Green light to free speech

NSW Health Minister supports the right of NSW Nurses’ Association members to speak to the media.

Health Minister Jillian Skinner has given nurses the green light to speak to The Lamp and other media, without interference from NSW Health bureaucrats.

“Anyone can talk to the media as far as I am concerned. I am an ex-journalist,” Mrs Skinner told the annual conference on August 9. She did point out that nurses need to ensure patient confidentiality.

The minister was commenting on recent attempts by managers at various workplaces to muzzle NSWNA members, particularly branch officials.

In one case, NSW Health district management asked the Association’s Broken Hill branch to have all Association members advise management or media units before speaking to any form of media.

In another instance, management of Justice Health tried to interfere with an interview between the secretary of the NSWNA’s Justice Health branch and The Lamp.

At the NSWNA annual conference, a delegate from the Association’s Broken Hill Base Hospital branch, Bonnie Tavian RN, asked Mrs Skinner: “When you were elected in March 2011, you wrote to all health employees about the importance of openness, ensuring that ‘the facts are on the table no matter how embarrassing’.

“So why are Association members being intimidated by local management and media units not to talk to our union journalists? And what will you do about this?”

Following Mrs Skinner’s reply, Bonnie told The Lamp it was important that the minister stated a clear position because “we were concerned by the fact that CEOs and management were claiming that we had breached the Code of Conduct.

“I’m pleased the minister said we can talk to the media, it has given us some confidence,” she said.

The secretary of the Association’s Justice Health branch, Brian Owens, was the focus of would-be censors when he spoke to The Lamp about issues, including nurse safety, at the Forensic Hospital.

A Justice Health (JH) manager emailed him warning, “If you are being portrayed as a JH employee, you need CE permission for any article/photos”. He told Brian to submit The Lamp story for management approval.

A more senior manager sent Brian another email advising that any staff member representing Justice Health needed prior approval from management, and enclosing the Justice Health Code of Conduct.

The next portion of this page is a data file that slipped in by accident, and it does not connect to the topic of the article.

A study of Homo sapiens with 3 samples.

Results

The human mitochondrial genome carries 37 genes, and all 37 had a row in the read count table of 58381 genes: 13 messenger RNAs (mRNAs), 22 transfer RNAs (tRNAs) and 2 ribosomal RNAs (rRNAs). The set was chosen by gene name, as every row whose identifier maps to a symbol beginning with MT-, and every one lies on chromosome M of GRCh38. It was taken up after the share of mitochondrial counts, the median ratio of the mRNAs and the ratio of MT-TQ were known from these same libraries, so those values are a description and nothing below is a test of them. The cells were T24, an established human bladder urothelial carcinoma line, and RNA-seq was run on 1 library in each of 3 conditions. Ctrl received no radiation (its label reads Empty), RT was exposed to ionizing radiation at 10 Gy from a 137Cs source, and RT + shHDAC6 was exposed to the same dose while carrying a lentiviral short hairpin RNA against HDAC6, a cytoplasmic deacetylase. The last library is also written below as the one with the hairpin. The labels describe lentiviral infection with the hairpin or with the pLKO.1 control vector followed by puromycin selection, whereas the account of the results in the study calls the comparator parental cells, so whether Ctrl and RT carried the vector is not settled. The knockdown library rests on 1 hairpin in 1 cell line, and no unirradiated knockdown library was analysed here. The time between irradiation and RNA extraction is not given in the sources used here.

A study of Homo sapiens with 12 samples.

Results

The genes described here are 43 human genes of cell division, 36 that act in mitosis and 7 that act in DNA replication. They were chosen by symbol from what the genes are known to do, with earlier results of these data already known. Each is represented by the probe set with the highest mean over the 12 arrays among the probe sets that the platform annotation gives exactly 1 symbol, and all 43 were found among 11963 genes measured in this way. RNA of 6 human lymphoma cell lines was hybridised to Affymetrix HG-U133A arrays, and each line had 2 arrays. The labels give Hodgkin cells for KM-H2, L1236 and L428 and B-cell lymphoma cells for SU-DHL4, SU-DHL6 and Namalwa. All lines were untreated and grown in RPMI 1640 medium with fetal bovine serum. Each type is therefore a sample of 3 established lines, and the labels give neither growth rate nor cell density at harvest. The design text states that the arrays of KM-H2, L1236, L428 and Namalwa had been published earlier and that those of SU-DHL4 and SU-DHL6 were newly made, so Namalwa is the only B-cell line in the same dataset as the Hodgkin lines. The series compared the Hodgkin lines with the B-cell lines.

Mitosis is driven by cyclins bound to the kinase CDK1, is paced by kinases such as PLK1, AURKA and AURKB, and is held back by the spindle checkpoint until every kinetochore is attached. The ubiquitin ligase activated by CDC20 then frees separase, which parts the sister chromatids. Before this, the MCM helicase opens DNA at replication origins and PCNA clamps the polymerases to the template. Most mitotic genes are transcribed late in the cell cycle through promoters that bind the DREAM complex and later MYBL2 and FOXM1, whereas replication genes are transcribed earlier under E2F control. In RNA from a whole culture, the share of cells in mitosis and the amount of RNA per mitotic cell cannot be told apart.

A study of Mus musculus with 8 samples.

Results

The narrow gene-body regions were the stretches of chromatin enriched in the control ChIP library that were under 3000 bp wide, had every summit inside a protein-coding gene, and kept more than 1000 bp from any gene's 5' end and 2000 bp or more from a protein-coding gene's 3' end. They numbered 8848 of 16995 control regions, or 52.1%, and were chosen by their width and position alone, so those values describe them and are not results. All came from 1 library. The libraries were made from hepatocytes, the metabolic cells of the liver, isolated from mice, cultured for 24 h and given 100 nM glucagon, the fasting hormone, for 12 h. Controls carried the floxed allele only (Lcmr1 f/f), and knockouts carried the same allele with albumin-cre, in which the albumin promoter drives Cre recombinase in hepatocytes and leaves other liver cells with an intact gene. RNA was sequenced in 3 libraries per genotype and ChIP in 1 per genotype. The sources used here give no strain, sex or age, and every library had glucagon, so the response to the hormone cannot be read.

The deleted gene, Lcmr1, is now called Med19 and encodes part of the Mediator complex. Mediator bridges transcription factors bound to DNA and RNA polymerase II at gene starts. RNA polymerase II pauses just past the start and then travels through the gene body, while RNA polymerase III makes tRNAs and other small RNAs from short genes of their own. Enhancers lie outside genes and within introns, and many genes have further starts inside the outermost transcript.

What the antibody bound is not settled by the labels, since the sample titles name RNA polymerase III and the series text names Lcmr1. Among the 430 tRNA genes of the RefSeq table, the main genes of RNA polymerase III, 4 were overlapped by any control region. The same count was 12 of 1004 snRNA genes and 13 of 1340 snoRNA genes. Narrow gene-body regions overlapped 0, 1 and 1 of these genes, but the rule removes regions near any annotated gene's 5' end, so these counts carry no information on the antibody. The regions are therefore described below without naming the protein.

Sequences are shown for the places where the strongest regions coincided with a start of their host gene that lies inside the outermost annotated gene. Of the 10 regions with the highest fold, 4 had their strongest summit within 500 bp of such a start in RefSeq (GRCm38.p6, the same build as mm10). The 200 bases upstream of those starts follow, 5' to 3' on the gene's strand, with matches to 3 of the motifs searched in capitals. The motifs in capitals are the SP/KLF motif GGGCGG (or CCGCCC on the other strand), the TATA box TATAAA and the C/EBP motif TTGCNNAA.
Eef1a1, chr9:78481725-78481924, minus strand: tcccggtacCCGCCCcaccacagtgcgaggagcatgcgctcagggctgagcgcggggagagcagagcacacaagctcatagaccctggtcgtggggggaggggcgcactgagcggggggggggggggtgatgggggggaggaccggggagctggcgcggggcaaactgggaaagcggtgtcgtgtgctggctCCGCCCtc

Brian sought advice from NSWNA General Secretary Brett Holmes, who told him he was not infringing the Code of Conduct.

“Brett advised me that the NSWNA Council had authorised branch officials to speak to the media on behalf of branch members,” Brian said. “Brett said management had no right to require me to submit my statements about union matters to management for approval.

“I passed the union’s advice on to management and the The Lamp article was published without any further attempt to interfere.”

Brett Holmes told The Lamp that Justice Health management appeared to have misinterpreted the Justice Health Code of Conduct.

“Staff cannot speak on behalf of Justice Health unless authorised to do so. However the code recognises their right to express their personal views through public comment. Obviously, patient privacy and confidentiality should never be breached. Also, staff should be careful not to defame any particular individual.

“In this case it was absolutely clear that Brian was speaking to the union magazine, not on behalf of Justice Health but, in his capacity as a union representative and was well within his rights to do so.”

Brett said the NSWNA would resist attempts by managers to infringe on the right of union members to communicate with other members about union-related issues via The Lamp.

“We encourage members to put their point of view in the media, particularly The Lamp,” he said. “We are not advocating a breach of the Code of Conduct but make it clear that there are still some rights left to make personal comment or speak on behalf of union members about issues of importance.”

He said some managers had wrongly claimed that, under the NSW Health Code of Conduct, union members could not speak to the media without authorisation from management, and that comments must be approved by management.

“There is nothing in the code of conduct to suggest this. Clause 4.3.13 of the Code of Conduct states that when making public comment on issues, or participating in political or industrial activities, staff must ‘not indicate or imply that their views are those of NSW Health’.

“As long as members make it clear when making statements to the media that they are speaking on behalf of the union then it should be absolutely clear they are not also speaking on behalf of management.”

The NSWNA is available to provide guidance to members on making comment to the media.